Fanny och Alexander
Fanny and Alexander (1982) More at IMDbPro »Fanny och Alexander (original title)


We can never know for sure.

The story that Alexander tells Justina is a lie. This is proven in the 5-hour television version during a scene where the ghosts of the Bishop's previous family come to Alexander, furious about how he lied about their deaths. However, there is still a possibility that the Bishop locked up his family the same way he locks up Fanny and Alexander. Since the bars are already on the windows, it is possible that the Bishop used the room in the past to lock people up. However, like much of the film, the true answer is open to interpretation.

Uncle Isak goes to the Bishop's House for the sole purpose of rescuing Fanny and Alexander. In Ingmar Bergman's world, Uncle Isak can perform divine miracles. When Fanny and Alexander get into the chest he wants to "buy" from the Bishop, he casts a spell on it to make the two children invisible. However, when the Bishop catches on to the plan and runs upstairs to their room, Uncle Isak calls to God to create a false image of the two children in their room. This is why Emilie screams to him not to touch them. In short, Uncle Isak uses divine magic to save the children from the Bishop. It makes sense in the context of the film. Bergman is telling us that the only way that the children could escape is magic, or more precisely: a miracle.

Since Uncle Isak can perform magic, so can the rest of his family. Their house and the objects inside are enchanted. When Alexander goes exploring, he runs into Isak's nephew, Aron, who shows Alexander all the things in their house, including a breathing mummy. The mummy seems to have some divine connection to the Bishop's bedridden aunt, shown by how she moves her head when the mummy does. Finally, Aron takes Alexander to his brother Ismael, who is kept locked in a room for everyone's protection, and seems to have the strongest magical power in the whole family. He connects to Alexander's mind and learns all about the Bishop and his family. Ismael uses his powers to cause the aunt to knock over the lamp on her bedside table, starting the fire that kills the Bishop. In short, Ismael feels sympathy for Alexander and takes revenge on the Bishop's family to enact vengeance that Alexander is incapable of doing.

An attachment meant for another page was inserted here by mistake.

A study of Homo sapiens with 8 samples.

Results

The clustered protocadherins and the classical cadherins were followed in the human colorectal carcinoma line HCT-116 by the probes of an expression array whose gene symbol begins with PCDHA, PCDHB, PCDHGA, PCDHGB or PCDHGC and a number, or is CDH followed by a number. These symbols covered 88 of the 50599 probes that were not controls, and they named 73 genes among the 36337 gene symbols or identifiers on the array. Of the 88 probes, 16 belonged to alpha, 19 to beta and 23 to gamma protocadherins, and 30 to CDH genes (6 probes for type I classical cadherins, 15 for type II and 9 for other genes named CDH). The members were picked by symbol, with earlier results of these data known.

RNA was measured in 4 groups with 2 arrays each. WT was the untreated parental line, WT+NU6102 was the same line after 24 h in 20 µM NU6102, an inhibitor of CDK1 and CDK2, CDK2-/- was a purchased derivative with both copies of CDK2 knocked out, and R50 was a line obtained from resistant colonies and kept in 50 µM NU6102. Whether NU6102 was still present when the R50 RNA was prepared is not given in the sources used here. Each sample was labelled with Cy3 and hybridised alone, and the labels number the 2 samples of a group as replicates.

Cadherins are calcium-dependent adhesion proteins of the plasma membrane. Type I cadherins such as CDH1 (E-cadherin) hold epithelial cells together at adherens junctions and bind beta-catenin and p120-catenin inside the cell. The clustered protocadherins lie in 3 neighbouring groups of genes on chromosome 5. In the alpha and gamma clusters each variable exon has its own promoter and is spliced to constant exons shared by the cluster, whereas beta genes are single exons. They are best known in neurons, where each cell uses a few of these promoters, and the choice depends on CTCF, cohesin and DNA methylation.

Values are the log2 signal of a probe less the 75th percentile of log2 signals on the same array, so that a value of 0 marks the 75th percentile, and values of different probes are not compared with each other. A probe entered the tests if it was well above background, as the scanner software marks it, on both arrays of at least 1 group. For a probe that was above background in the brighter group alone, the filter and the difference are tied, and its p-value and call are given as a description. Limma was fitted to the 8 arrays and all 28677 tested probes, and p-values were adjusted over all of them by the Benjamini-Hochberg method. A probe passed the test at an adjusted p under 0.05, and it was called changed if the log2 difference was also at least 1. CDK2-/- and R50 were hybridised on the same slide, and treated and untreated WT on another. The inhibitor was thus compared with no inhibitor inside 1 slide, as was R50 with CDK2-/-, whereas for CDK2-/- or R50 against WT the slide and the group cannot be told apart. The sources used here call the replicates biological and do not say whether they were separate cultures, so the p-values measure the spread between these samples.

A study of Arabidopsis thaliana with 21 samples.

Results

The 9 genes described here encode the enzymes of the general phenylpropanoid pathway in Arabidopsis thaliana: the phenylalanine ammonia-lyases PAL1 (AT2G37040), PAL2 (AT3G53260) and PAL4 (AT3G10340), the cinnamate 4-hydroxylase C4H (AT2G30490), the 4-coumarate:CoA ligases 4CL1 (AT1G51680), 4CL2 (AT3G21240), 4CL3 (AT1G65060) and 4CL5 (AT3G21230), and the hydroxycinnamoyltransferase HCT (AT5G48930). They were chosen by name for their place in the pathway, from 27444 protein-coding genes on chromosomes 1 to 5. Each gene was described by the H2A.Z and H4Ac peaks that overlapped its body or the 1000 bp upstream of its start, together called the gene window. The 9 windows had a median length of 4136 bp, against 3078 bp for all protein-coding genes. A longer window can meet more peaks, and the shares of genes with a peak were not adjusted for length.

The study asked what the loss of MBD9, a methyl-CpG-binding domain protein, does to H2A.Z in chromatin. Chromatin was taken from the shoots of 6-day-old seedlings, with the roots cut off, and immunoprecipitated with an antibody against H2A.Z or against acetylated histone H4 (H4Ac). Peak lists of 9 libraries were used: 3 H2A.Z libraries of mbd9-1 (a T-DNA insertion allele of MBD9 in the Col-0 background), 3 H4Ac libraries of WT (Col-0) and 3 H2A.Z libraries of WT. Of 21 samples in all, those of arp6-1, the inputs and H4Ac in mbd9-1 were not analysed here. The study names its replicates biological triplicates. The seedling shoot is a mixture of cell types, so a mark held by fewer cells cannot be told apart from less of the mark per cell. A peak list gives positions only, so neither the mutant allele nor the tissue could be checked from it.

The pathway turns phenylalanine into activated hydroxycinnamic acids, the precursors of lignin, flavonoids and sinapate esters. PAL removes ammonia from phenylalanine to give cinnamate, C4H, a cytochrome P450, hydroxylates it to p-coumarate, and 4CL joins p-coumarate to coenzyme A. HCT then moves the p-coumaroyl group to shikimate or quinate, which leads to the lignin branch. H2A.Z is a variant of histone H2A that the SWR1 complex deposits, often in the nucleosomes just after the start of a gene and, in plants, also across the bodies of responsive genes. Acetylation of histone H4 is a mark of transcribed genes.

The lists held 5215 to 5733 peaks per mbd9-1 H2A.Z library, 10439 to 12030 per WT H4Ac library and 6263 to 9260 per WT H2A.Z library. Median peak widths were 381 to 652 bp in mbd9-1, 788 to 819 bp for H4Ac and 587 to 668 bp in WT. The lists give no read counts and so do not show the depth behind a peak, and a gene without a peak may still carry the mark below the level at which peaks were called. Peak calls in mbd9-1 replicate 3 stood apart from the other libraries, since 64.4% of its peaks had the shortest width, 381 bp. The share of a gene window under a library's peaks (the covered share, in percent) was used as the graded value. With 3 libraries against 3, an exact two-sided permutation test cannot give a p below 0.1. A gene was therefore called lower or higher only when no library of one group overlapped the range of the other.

And the simple answer is, it wasn't shown on television beforehand.

There are two versions of the film, the short 3 hour (188 minutes) version, and the long 5 hour (312 minutes) version. The long version was actually completed first, though the short version was first to have its theatrical release. The long version was later recut into a four part mini-series for television. As the short version was shown on cinemas first, it was thus eligible for the Academy Award. It is as simple as that.

The short version had its theatrical premiere in Sweden on December 17, 1982. The American premiere for the short version was on June 17, 1983. The long version had its theatrical premiere in Sweden on December 17, 1983. The four part mini-series was thus only later shown on Swedish television.